Sunday, November 24, 2013

Dreaming of frozen dinners...

I was having one of those days. You know what I mean, especially if you've been paleo for any length of time and have an autoimmune disease. For you - for me - paleo isn't just an 80/20 thing. We have to stick with it 99 percent of the time to maintain a good quality of life. Most of the time that's awesome. I'm thrilled beyond measure to have found something that works. Most of the time.

But sometimes it doesn't, or doesn't seem to, and because of the weather or the moon or the stars or who knows what, sometimes no matter how diligent you - I - am with this way of eating, our autoimmune diseases make themselves known. And that sucks.

After nearly three years on regular paleo, I've been on the autoimmune protocol version (AIP) for almost two months now. Fifty-six days, but who's counting. And it hasn't been the miracle cure for some of my lingering symptoms I'd hoped it would be. I've had a ton of days when I've felt great, but there've been more than a few when I've hurt. And hurting with rheumatoid arthritis is scary because you start thinking of the joint damage that might be taking place and worry that maybe you'll always feel this way and ... Well, it sucks.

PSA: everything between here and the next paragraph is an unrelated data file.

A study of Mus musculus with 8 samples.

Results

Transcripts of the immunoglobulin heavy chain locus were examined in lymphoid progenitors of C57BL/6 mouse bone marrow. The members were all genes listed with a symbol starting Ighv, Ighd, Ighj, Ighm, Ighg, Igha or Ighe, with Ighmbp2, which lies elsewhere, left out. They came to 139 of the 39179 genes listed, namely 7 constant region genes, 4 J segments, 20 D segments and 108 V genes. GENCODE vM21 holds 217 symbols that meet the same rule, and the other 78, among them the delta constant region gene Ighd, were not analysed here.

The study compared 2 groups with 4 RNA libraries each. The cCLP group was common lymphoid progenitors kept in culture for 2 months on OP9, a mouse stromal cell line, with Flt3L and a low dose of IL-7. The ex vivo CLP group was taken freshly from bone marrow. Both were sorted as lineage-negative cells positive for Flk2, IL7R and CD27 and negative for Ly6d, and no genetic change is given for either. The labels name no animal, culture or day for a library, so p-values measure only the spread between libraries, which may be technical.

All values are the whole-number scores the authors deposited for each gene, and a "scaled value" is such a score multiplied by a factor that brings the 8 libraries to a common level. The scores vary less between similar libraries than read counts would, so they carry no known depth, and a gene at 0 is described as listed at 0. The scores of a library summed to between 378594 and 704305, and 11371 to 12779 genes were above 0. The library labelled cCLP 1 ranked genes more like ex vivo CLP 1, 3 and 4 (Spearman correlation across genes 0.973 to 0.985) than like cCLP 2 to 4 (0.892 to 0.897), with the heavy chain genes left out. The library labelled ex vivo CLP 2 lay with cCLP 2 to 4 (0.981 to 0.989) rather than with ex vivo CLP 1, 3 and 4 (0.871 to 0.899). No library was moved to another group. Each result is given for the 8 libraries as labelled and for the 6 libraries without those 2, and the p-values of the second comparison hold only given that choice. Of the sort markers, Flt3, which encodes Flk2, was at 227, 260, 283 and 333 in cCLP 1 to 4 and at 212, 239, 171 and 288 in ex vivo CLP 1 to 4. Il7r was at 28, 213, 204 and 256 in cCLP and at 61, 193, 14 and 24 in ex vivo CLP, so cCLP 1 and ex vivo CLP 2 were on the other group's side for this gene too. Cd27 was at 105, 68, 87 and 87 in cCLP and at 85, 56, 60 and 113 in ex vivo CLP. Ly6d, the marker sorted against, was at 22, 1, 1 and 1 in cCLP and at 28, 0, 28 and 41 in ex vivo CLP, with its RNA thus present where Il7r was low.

Leading me to today. The absolute last thing I wanted to do today was cook. All I've done for the past 56 days is cook. Three meals a day: no cheating, no eggs, no nightshades, no prepared foods. And nary a miracle in sight.

What sounded good today was something easy, like a Lean Cuisine. The kind I used to buy by the dozen. Or when I got into "healthier" foods, an Amy's frozen meal. Just something I wouldn't have to do any chopping or boiling or baking for. Besides, some of them, let's admit it, were delicious.

What isn't helping is the looming holiday. We're eating out this year and I know that the place we're going uses wheat for some stupid reason when they brine their turkey. So I'll have salmon, which is delicious, but I'm damned mad already about the pumpkin pie. Or the lack of it. Last year I ordered a piece and just left the crust. It's always been my favorite part of the dinner and last year the delicious custard hit the spot. This year, strict AIP-er that I am, I can't do that because of the eggs. It's really pissing me off.

Fortunately, the one smart move I made all day was to start the crockpot first thing this morning. A round steak, sweet potatoes, carrots, onions, the works. By the time I got into my huge funk this afternoon, even grumpy me couldn't ignore the awesome smell coming from the kitchen.

OK, if you insist, I'll have a bowl, I grumbled to myself.

Guess who made an incredibly delicious stew today? Feeling much better after a big bowl, I steamed some cauliflower and broccoli and somehow grabbed them off the water at the perfect moment. Not too soft, not too crisp. And that bag of yams I just bought, how about slicing one and roasting it in the oven?

Is that not a perfect meal? Am I not incredibly lucky to be able to afford such bounty? I know millions of people around the planet would love a dinner like that. The thought makes me incredibly grateful and humble. And I know this meal is the type that will heal my gut and nourish my joints and soft tissues and keep me on the path of healing from this disease.

I feel well-fed and more to the point, well nourished. And that's what keeps me eating this way. This kind of food, real food, feeds hidden hungers. I need to remember this for next time.